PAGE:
Warming the soul with minestrone soup

coverSometimes, nothing else but soup will do. As the whole country has been enshrouded in cold and darkness this winter, why not make up a soup fit to fight this foe?

I’ve been spoiled by homemade soups these past few years, as I am fortunate enough to work where a fabulous cook whips up two soup choices daily in the cafeteria. Canned soup will no longer do. A bowl of good soup has been my lunch for awhile now. A bowl of soup can be just enough. Everything you need in a single pot, a single bowl. The right soup, made up of good ingredients the body needs and craves, is a meal that can’t be beat.

panc01I also love to make soup and have a few favorites in my stable of recipes. In the depth of winter, I go for the heartiest, most satisfying concoctions I can bring to life in my own soup pot. One I make without fail throughout the colder months is a very hearty minestrone. While most minestrones conjure images of light broth, a few veggies and maybe a little pasta, this soup takes a different, richer turn with bottom flavors of pancetta (Italian bacon), beef broth, pine-y rosemary and adds more substantial vegetables in potato and dark greens. It is luscious, deeply flavored and heartily satisfying — perfect for winter.

image (16)One cold Saturday, I hiked a hill against a bracing wind and spitting rain and was propelled mainly by one thought: making this soup. I went home and got it simmering, and any chill I had felt earlier was completely dispelled, and I was as warm and satisfied as if under a cozy blanket.

When you begin with bacon, how can you go wrong? Whenever I see pancetta, I pick up a package or two to keep in the freezer. Milder than traditional bacon, this Italian version pops up again and again in recipes for good reason. It really imparts a flavorful base to soups, sauces and pasta. I even image (18)once cloaked a pork loin in pancetta (note to self: do that again).

For this minestrone, the pancetta is sauteed in olive oil with onions, carrot, celery and garlic to steam the kitchen into an aromatic heaven.

Next, one large chopped potato and chopped chard are added and cooked for a bit. I love the addition of chard here, but I have also used other “muscular” greens in this soup, such as kale and collards.

Canned chopped tomatoes and a few springs of rosemary are added and brought to a simmer. The rosemary leaves drift away from their stems and really impart a deep woodsy flavor that makes this soup so uniquely flavored.

image (19)A bean-and-beef-broth puree, along with straight beef broth, turn this lovely concoction into a true soup. And another interesting flavor twist…I don’t know how many folks have a rind from a wedge of Parmesan cheese in their fridge, but if they do, toss it in the soup. This Italian practice is said to lend a richness and flavor. Though the recipe says to take the rind out and discard once the soup is ready, I leave it in. Whoever lucks out to get the ladleful that contains the softened wedge will enjoy not only a hearty soup, but the bonus of a hunk of gooey, melted Parmesan.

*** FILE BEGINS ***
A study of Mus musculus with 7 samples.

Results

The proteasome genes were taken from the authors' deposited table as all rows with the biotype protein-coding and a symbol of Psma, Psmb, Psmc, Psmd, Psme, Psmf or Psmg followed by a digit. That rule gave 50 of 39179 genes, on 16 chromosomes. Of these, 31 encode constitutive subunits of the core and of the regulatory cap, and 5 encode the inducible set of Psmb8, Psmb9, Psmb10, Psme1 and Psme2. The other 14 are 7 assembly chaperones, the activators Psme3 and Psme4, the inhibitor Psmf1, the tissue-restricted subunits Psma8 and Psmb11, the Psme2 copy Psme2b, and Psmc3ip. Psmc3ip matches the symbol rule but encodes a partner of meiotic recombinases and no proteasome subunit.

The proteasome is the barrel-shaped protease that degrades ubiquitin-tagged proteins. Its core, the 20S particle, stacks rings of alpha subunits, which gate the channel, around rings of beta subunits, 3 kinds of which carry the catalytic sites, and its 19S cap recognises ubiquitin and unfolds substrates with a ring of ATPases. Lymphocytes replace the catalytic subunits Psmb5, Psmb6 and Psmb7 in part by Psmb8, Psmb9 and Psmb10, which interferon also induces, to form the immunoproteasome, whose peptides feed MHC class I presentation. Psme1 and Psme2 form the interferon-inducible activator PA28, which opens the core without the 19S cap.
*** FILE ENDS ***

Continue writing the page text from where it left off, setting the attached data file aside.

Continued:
Winter Minestrone
Recipe by Giada De Laurentiis www.foodnetwork.com
Makes 4 to 6 servings

2 tablespoons olive oil
1 onion, chopped
2 carrots, peeled, chopped
2 celery stalks, chopped
3 ounces thinly sliced pancetta, coarsely chopped
2 garlic cloves, minced
1 pound Swiss chard, stems trimmed, leaves coarsely chopped
1 russet potato, peeled, cubed
1 (14 1/2-ounce) can diced tomatoes
1 fresh rosemary sprig
1 (15-ounce) can cannellini beans, drained, rinsed
2 (14-ounce) cans low-sodium beef broth
1 ounce piece Parmesan cheese rind
2 tablespoons chopped fresh Italian parsley leaves
Salt and pepper

Directions

Heat the oil in a heavy large pot over medium heat. Add the onion, carrots, celery, pancetta, and garlic. Saute until the onion is translucent, about 10 minutes. Add the Swiss chard and potato; saute for 2 minutes. Add the tomatoes and rosemary sprig. Simmer until the chard is wilted and the tomatoes break down, about 10 minutes.

Meanwhile, blend 3/4 cup of the beans with 1/4 cup of the broth in a processor until almost smooth. Add the pureed bean mixture, remaining broth, and Parmesan cheese rind to the vegetable mixture. Simmer until the potato pieces are tender, stirring occasionally, about 15 minutes. Stir in the whole beans and parsley. Simmer until the beans are heated through and the soup is thick, about 2 minutes. Season with salt and pepper, to taste. Discard Parmesan rind and rosemary sprig (the leaves will have fallen off of the stem.)

Ladle the soup into bowls and serve.